Prognostic utility of inflammation-based biomarkers, neutrophil-lymphocyte ratio and change in neutrophil-lymphocyte ratio, in surgically resected lung cancers.

Publisher: Medknow Publications and Media Pvt. Ltd.
Document Type: Article
Length: 2,951 words
Lexile Measure: 1910L


BACKGROUND/OBJECTIVE: Given the poor overall survival (OR) and progression-free survival (PFS) rates for lung cancers managed with surgical resection, there is a need to identify the prognostic markers that would improve the risk stratification of patients with operable lung cancer to inform treatment decisions. We investigate the prognostic utility of two established inflammation-based scores, the neutrophil-lymphocyte ratio (NLR) and the change in neutrophil-lymphocyte ratio ([DELTA]NLR), throughout the operative period in a prospective cohort of patients with lung cancer who underwent surgical resection. METHODS: Demographic, clinical, and treatment details for 345 patients with lung cancer who underwent surgical resection between 2000 and 2019 at multiple centers across Melbourne, Victoria (Australia), were prospectively collected. Preoperative NLR and [DELTA]NLR were calculated after which Cox univariate and multivariate analyses were conducted for OS and PFS against the known prognostic factors. RESULTS: Both univariate and multivariate analyses showed that preoperative NLR >4.54, as well as day 1 and day 2 postoperative NLR (P < 0.01), was associated with increased risk for postoperative mortality (hazard ratio 1.8; P < 0.01) and PFS (P < 0.05), whereas [DELTA]NLR was not a significant predictor of OS or PFS. CONCLUSION: Elevated NLR among patients with lung cancer who underwent surgical resection was prognostic for poor OS and PFS, whereas [DELTA]NLR was not found to be prognostic for either OS or PFS. Further research may yet reveal a prognostic value for [DELTA]NLR when compared across a greater time period.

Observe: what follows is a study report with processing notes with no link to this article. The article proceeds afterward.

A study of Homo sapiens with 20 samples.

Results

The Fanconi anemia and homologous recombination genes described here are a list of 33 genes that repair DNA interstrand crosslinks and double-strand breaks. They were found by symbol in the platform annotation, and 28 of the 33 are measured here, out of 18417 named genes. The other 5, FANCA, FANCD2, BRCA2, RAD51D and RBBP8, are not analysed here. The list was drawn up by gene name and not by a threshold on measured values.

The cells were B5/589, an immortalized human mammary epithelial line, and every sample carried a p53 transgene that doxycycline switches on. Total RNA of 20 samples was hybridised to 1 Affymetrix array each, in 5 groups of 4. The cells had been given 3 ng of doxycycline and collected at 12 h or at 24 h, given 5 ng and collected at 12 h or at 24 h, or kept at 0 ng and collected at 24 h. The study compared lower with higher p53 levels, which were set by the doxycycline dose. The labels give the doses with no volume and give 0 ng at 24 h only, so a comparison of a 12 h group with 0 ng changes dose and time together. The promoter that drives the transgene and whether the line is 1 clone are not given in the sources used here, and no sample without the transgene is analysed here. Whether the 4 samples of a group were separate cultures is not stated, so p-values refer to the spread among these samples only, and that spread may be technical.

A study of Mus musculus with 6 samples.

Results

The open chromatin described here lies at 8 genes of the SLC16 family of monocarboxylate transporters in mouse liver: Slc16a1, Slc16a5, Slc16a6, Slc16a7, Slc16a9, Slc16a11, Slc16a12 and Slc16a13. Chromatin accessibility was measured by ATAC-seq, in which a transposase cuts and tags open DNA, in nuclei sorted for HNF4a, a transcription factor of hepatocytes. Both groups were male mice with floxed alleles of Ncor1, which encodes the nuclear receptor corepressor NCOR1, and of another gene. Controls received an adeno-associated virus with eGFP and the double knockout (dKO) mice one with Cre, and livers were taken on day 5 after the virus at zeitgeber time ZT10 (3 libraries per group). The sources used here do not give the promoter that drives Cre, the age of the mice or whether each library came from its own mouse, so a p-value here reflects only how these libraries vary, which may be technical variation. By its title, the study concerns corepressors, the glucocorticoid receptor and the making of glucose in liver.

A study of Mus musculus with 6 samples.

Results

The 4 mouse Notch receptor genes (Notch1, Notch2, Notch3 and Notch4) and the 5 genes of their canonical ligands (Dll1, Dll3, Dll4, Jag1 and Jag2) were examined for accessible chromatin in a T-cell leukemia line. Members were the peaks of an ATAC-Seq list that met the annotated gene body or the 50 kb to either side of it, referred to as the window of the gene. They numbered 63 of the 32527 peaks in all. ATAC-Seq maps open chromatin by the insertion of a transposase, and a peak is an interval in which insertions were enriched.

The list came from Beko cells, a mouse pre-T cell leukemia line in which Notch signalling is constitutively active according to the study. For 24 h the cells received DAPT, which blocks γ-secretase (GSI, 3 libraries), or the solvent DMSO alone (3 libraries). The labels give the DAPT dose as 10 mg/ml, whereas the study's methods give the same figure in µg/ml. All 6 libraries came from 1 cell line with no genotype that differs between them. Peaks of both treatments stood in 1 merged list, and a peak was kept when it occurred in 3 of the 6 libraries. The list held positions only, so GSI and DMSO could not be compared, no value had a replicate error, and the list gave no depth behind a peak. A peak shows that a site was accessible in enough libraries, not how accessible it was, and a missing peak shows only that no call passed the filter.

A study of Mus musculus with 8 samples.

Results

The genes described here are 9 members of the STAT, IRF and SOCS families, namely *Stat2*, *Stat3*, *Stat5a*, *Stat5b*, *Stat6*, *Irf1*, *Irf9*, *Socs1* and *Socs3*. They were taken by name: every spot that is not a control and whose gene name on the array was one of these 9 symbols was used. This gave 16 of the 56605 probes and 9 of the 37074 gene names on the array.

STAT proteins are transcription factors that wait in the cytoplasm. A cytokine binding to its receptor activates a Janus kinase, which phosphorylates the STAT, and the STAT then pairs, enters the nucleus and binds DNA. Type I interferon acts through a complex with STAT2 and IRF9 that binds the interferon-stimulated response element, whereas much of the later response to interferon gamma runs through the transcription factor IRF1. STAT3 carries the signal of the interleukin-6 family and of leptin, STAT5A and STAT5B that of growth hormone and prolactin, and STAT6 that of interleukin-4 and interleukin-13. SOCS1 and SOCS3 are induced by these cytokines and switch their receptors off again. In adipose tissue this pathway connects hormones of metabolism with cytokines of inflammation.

Lung cancer is the most common cause of cancer death worldwide, with approximately 1.37 million global deaths per year.[1],[2],[3] Although surgical resection constitutes an important treatment option for patients with early-stage disease and suitable patients with advanced disease, the recurrence rates have remained high (from 30% to 75%) depending on the final pathological stage,[4] while 5-year survival rates have varied according to the pathological stage, ranging from 70% for Stage IA disease to 40% for Stage IIB.[5] High recurrence rates and associated mortality warrant the investigation of prognostic factors to improve the risk stratification of patients with lung cancer who are amenable to surgical resection. Recent research has investigated prognostic pathological biomarkers that may identify patients likely to have poorer overall survival (OS) and progression-free survival (PFS). Prognostic biomarkers that allow for the identification of patients at higher risk for recurrence may be used in the future to determine those who may benefit from adjuvant and neoadjuvant therapies and suitability for surgery.

Prognostication of patients with lung cancer commonly relies on the validated tumor-node-metastasis (TNM) system to guide the clinical decisions, categorized by the American Joint Committee on Cancer (AJCC) stages.[6] Multiple other known tumors and biological factors, such as histological grade, patient age, sex, and performance status, can predispose patients to worse PFS/OS.[7],[8] While several novel biomarkers are under investigation for patient prognostication, including plasma exosomal proteins and circulating tumor DNA and RNA,[9],[10],[11] testing for such biomarkers is limited by availability and price.